How my anxiety disorder caused a lifetime of depression

I just wanted to share an experience I had with how someone reacted to my mental health and the impact that reaction had on me.

Looking back it’s easier to see that I displayed symptoms of an anxiety disorder from a very early age. It wasn’t until I was 15 that it was officially diagnosed. It was when I was 15 that everything changed. I changed. I went from an outgoing, funny, happy girl to someone who could barely speak, or leave the house. This transformation seemed to happen overnight. It was as if I went to bed one night and the sun never came up for me the following morning. I was surrounded by darkness, a shadow of my former self.

I found it very difficult to participate at school, that’s if I went in at all. My friends were not sure how to handle how much I had changed, so they said nothing and did nothing. I was different to the girl I previously was; I tried to explain what I was feeling to them, even though I didn’t quite understand it myself. Also we were only 15; it’s not something we had ever spoken of before. But I thought if I could explain where their friend had gone, it would make it easier. So I told them that I had been diagnosed with an anxiety disorder, and just wasn’t feeling my usual self.

I was hoping they would be supportive, but they weren’t, they didn’t seem to understand – and this exchange saw me slip further into depression, I felt so isolated.

I internalised all my feelings and my suffering, pulling myself further away from them and the world. The reaction I will never forget, is one friend looking at me with disgust and saying, “think about what Lisa’s going through. Her Mum just DIED. Just think about how she feels.” I have never felt more ashamed than I did in that moment. Here I was complaining about anxiety, when people had real problems.

My battle with depression was a constant struggle. I also suffered from OCD and panic attacks. My mind felt like it was being tortured continuously; my body not able to cope with the physical sensations that my anxiety provoked, was getting weaker and shutting down. It felt like there was a battle raging inside of me, the girl I used to be trying to claw her way back out, but never managing to get through the black swamp of despair that surrounded her.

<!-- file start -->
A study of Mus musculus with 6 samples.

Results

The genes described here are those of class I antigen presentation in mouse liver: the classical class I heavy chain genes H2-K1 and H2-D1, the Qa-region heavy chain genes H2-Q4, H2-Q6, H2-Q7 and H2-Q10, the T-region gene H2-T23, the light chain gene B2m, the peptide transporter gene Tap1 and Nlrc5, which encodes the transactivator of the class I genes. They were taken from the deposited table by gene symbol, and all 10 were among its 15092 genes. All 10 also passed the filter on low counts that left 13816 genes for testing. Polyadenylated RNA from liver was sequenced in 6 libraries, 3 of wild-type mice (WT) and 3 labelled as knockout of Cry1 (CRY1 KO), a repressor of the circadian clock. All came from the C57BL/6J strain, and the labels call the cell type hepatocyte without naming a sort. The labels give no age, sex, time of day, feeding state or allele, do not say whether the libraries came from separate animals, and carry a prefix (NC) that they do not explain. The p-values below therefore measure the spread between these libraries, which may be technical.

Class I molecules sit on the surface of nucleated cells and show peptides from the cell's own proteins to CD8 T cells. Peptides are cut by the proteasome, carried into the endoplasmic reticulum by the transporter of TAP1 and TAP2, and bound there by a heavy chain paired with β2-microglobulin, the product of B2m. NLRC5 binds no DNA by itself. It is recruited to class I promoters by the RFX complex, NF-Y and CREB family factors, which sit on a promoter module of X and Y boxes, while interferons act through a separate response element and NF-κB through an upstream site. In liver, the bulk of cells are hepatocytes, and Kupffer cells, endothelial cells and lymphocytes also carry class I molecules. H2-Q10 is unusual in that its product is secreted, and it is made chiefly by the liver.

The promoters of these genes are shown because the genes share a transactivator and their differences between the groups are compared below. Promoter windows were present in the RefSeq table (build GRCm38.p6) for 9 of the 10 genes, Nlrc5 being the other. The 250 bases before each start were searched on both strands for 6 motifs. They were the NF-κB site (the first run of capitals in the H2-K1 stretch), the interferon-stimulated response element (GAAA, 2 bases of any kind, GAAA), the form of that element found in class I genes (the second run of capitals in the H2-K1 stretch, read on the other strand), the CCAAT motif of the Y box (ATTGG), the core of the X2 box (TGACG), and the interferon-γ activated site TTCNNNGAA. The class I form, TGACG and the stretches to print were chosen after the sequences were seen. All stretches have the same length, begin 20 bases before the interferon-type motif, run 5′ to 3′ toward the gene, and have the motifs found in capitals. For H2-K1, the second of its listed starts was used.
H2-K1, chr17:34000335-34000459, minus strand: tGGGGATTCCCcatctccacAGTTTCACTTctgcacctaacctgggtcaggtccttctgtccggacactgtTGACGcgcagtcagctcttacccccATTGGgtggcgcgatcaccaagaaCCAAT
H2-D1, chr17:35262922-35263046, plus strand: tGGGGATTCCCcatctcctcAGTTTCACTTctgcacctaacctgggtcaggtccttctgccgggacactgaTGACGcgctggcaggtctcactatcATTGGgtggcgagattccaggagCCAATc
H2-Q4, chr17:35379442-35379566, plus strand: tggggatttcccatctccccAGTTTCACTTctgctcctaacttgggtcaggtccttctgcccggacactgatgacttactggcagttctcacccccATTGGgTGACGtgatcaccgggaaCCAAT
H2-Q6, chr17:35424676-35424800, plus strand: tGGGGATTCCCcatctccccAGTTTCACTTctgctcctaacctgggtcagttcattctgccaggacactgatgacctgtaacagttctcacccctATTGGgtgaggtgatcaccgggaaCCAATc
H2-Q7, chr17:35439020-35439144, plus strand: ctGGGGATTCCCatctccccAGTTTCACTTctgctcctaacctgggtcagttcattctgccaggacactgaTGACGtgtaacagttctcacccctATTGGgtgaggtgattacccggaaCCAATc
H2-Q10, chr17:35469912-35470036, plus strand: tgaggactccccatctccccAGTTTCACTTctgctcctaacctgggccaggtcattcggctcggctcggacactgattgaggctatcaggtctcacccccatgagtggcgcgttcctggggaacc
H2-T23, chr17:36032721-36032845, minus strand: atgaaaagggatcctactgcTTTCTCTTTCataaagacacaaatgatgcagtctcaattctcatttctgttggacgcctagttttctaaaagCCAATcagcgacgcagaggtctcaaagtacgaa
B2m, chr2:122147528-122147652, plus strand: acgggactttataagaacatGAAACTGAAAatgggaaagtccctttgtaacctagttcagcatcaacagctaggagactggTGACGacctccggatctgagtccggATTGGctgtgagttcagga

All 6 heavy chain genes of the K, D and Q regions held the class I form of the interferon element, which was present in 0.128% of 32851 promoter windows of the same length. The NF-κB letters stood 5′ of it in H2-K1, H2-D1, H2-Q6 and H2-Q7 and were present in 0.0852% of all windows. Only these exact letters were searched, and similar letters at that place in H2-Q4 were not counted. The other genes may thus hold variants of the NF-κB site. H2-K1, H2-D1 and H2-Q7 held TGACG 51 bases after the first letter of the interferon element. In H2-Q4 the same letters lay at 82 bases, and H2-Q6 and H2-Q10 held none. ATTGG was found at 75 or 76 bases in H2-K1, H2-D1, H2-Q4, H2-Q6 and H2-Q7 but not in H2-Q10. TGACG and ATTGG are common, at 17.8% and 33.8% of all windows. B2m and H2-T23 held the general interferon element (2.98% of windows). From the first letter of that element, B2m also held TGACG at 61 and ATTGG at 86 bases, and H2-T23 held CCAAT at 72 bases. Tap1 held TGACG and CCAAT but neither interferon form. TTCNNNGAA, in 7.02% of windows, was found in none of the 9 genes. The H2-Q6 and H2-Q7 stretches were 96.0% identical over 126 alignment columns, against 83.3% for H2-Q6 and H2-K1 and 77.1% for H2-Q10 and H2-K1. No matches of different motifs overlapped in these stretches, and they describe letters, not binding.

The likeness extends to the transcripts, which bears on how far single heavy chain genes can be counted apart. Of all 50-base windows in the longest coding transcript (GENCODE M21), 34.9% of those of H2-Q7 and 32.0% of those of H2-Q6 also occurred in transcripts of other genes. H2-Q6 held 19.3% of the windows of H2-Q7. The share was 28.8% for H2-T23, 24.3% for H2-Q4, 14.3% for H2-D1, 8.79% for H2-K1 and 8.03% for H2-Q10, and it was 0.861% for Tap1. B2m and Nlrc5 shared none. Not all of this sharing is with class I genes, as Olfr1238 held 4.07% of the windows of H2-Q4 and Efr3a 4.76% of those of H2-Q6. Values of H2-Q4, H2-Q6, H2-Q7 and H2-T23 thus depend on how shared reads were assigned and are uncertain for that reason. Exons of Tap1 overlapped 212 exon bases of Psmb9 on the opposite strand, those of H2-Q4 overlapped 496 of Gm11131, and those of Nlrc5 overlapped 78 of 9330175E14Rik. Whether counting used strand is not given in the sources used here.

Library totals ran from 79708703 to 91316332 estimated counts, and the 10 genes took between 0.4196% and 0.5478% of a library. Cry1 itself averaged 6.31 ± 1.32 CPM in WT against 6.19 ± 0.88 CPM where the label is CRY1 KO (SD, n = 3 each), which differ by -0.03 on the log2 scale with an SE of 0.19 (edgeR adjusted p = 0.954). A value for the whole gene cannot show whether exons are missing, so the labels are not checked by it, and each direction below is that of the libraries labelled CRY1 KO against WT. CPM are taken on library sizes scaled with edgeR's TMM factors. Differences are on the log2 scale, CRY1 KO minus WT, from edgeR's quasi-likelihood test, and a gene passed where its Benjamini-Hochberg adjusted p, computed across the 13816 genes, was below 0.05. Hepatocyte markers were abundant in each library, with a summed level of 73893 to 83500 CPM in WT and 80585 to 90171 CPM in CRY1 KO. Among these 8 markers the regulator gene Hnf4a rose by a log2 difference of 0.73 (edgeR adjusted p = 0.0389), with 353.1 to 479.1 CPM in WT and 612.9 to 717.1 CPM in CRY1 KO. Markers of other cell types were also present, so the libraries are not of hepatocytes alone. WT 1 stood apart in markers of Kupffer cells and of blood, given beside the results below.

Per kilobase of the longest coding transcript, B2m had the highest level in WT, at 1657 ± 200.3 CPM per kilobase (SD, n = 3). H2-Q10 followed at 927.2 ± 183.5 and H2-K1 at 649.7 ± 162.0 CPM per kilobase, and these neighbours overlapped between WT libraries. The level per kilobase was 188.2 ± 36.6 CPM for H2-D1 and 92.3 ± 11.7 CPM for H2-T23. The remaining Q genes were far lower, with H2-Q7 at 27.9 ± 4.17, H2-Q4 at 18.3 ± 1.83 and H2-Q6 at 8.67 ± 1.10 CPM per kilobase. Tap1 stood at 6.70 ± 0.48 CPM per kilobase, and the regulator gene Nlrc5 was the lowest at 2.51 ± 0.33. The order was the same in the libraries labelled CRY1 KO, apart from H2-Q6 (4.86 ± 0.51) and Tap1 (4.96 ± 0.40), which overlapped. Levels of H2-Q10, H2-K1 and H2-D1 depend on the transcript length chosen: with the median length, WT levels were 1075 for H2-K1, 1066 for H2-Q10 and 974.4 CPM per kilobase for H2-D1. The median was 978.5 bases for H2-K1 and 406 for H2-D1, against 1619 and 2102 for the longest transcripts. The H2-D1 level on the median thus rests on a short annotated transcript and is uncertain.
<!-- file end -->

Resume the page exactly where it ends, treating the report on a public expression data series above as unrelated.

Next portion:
how my anxiety disorder caused a lifetime of depressionDue to me internalising my anxiety, my health really began to suffer, I had a nervous breakdown. Picking myself up from that and moving forward was one of the hardest things I’ve ever had to do. It took so long, I thought I would never make it through that dark tunnel. Over the years, I have sought help from different professionals and have learnt how to cope with my anxiety better. I now have a supportive network of friends that know my struggles and who I can turn to when things get rough, one of those being my mum, who has witnessed every single aspect of my mental illness.

Those that know me today, excluding my group of close friends, think I just suffer from the ‘odd anxious moment.’ Some also think I am “chilled out” and find it improbable that I suffer with anxiety. They don’t even suspect me to be struggling with my mental health, almost on a daily basis. After all the show must go on, so I put on my face and carry on the best I can. Over the years I have become an expert at putting my best persona forward.

Life hasn’t all been doom and gloom. I have an amazing family of my own now; I have had some truly wonderful moments and have created some memories that I will cherish forever. Over the last 16years I have learnt to build up my confidence which in turn has increased my happiness. Anxiety is a part of me. I have just had to accept that and that acceptance has been a huge step forward in my recovery. I try to concentrate on the light at the end of the tunnel when I experience difficult times. I know that there is light at the end of the tunnel and I do not stop until I have reached it.

It has only been in the past few years where I have felt comfortable talking about my mental health, I no longer feel ashamed by it. I want to see mental health being treated with and receive the same resources as physical health. I want to help remove the stigma that surrounds mental health, no one should feel ashamed of how they are feeling. I also want to support those that are suffering by letting them know they don’t have to suffer in silence and that there is help out there. We all have mental health so please be kind to those who need a bit of extra help with looking after theirs – in the same way that you would be kind to someone who has broken their leg.